Sometimes I wish I’d started this blog 6 years ago when I was first diagnosed with Crohn’s. If I had, it would be a very different blog to the current Stoma-licious. I find it easier writing about the present than in retrospect. What I’m going through and how I’m feeling now. And right now, things are great!
When I was initially told I had Crohn’s disease, the years that followed were filled with a whirlwind of doctors, medications and emotions. I really wish I’d blogged, or at least written a journal on a more regular basis. At the time though, I wasn’t in the right headspace.
Sometimes I feel I don’t have enough going on at present (IBD and ostomy related) to be of interest to others. I don’t have active disease. I’m not having a flare. I won’t be getting a reversal. I don’t have any post op surgery or ostomy issues. Would I be offering more assistance to others if I was? I almost feel guilty that I don’t have more going on and therefore am not worthy of being an advocate!
Just because I don’t have any major issues going on right now doesn’t mean I can’t still write meaningful posts! I know that, and I am grateful that I DON’T have any complications or major medical concerns to worry about at present. I still have plenty of other things to say and past experiences to share.
Would it be helping others more if I focused on the awful stuff? If I went back 3-4 years and wrote about the excruciating physical and mental pain that at times I was going through then? I’ve been through all of that, and like many others out there, have come through on the other side. For now, I am healthy and in remission. So that’s what I choose to (mostly) focus on.
I’ve noticed most of my posts end on a positive note. Yes, I try to keep things uplifting. But of course things are not always positive. They are not all ‘rainbows, lollipops and sunshine’! Anyone with IBD or an ostomy knows that. For me though, right now, life (my health) is good. It wasn’t before and it may not be again, but right now it is, so I can write about the good stuff.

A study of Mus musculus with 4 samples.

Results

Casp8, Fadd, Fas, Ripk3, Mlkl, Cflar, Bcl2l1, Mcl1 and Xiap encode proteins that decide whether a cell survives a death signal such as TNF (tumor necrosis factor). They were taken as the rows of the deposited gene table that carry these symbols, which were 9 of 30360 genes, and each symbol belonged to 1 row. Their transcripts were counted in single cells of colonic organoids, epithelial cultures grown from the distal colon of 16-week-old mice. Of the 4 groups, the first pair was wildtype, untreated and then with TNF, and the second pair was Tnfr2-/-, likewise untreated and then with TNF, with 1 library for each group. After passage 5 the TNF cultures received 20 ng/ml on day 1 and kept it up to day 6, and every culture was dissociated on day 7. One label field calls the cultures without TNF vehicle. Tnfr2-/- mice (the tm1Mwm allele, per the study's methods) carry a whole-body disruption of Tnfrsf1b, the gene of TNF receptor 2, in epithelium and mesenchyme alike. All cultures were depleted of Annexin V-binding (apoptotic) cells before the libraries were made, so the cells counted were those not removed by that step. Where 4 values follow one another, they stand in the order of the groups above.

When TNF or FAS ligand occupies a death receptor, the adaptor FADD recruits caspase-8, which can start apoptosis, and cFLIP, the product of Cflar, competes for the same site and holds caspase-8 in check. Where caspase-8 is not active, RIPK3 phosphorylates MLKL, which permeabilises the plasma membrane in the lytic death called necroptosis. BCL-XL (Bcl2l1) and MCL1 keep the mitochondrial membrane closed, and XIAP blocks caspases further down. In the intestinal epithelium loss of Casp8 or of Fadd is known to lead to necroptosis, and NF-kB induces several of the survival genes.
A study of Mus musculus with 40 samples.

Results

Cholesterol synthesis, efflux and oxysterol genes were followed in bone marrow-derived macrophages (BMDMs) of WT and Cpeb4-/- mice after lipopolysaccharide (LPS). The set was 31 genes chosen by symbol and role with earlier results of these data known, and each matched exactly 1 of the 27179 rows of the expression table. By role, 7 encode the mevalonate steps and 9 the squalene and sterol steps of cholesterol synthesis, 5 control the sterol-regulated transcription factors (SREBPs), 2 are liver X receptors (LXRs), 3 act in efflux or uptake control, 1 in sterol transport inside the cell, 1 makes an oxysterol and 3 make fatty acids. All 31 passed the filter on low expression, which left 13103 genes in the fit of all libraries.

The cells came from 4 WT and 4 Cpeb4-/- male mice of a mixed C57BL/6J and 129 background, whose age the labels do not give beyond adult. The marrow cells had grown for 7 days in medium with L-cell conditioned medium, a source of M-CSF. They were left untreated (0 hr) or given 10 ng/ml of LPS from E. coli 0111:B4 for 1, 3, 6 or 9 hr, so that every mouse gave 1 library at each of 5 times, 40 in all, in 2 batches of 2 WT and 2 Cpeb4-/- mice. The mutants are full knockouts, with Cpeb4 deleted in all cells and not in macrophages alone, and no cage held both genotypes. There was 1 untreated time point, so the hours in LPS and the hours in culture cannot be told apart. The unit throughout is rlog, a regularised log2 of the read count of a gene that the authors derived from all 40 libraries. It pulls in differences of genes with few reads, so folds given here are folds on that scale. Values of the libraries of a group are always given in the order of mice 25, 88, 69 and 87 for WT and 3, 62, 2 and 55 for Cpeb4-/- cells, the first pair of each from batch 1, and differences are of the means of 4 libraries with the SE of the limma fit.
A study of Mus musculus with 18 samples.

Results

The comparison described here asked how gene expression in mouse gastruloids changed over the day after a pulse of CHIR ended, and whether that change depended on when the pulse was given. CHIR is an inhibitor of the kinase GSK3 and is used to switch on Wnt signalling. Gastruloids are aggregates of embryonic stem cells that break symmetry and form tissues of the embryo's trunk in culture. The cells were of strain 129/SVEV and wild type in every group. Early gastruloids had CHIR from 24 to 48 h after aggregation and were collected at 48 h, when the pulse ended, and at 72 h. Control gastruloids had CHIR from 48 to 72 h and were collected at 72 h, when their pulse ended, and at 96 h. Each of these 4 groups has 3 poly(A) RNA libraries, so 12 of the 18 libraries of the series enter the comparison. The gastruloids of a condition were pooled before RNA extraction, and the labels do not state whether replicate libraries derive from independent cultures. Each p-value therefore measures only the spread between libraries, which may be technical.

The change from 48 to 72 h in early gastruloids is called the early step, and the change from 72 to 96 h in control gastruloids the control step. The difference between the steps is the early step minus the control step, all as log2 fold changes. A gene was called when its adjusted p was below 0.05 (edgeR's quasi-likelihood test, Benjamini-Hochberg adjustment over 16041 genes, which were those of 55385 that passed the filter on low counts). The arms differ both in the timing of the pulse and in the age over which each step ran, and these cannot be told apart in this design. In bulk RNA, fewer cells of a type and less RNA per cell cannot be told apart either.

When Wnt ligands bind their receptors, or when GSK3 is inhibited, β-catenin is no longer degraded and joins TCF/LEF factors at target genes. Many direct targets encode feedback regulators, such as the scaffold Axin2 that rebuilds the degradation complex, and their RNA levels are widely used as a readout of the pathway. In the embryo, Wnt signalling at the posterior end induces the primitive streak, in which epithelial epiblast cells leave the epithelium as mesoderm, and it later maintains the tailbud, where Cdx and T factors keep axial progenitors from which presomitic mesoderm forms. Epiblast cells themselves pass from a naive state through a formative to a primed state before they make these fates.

I really want to help other people, and I am grateful my story has reached this point and become a positive experience. I am hopefully an example people can turn to and know that you can get through this. Ostomy surgery can be a relatively complication free process. My story developed from a nightmare into almost a fairy-tale. Whilst it might not always feel like it, there is hope!
I don’t want to sugar-coat things either. There have been some very low and negative times in my life over the last few years, and whilst things are awesome now, they weren’t always. I’ve had my fair share of days in despair, worrying, telling myself I may never get better. But what good did this do?
Like everyone, I still have some days that are better than others. It’s important for me to acknowledge the good stuff, but I need to be honest with myself and with all of you too. I always look for the good and try to make the best of any situation, but let’s be realistic…. life with an IBD isn’t always rosy. Life with an ostomy isn’t always rosy. I take my role as an activist for spreading IBD and ostomy awareness very seriously, and to do that I have to be honest. I hope I’m doing justice to both sides of the disease.
It’s important to find the balance between being positive and not terrifying someone who is newly diagnosed or new to or contemplating an Ostomy, but also being honest and acknowledging the realities. Not being disrespectful to those who are going through a particularly bad time. There is a lot of bad, but also a lot of good, and something to be said about keeping a positive outlook. Hope and positivity can be a powerful thing and helps me on some of my darkest days.
What’s your take? Is there such a thing as being too positive? What should we focus on? How do we find that balance?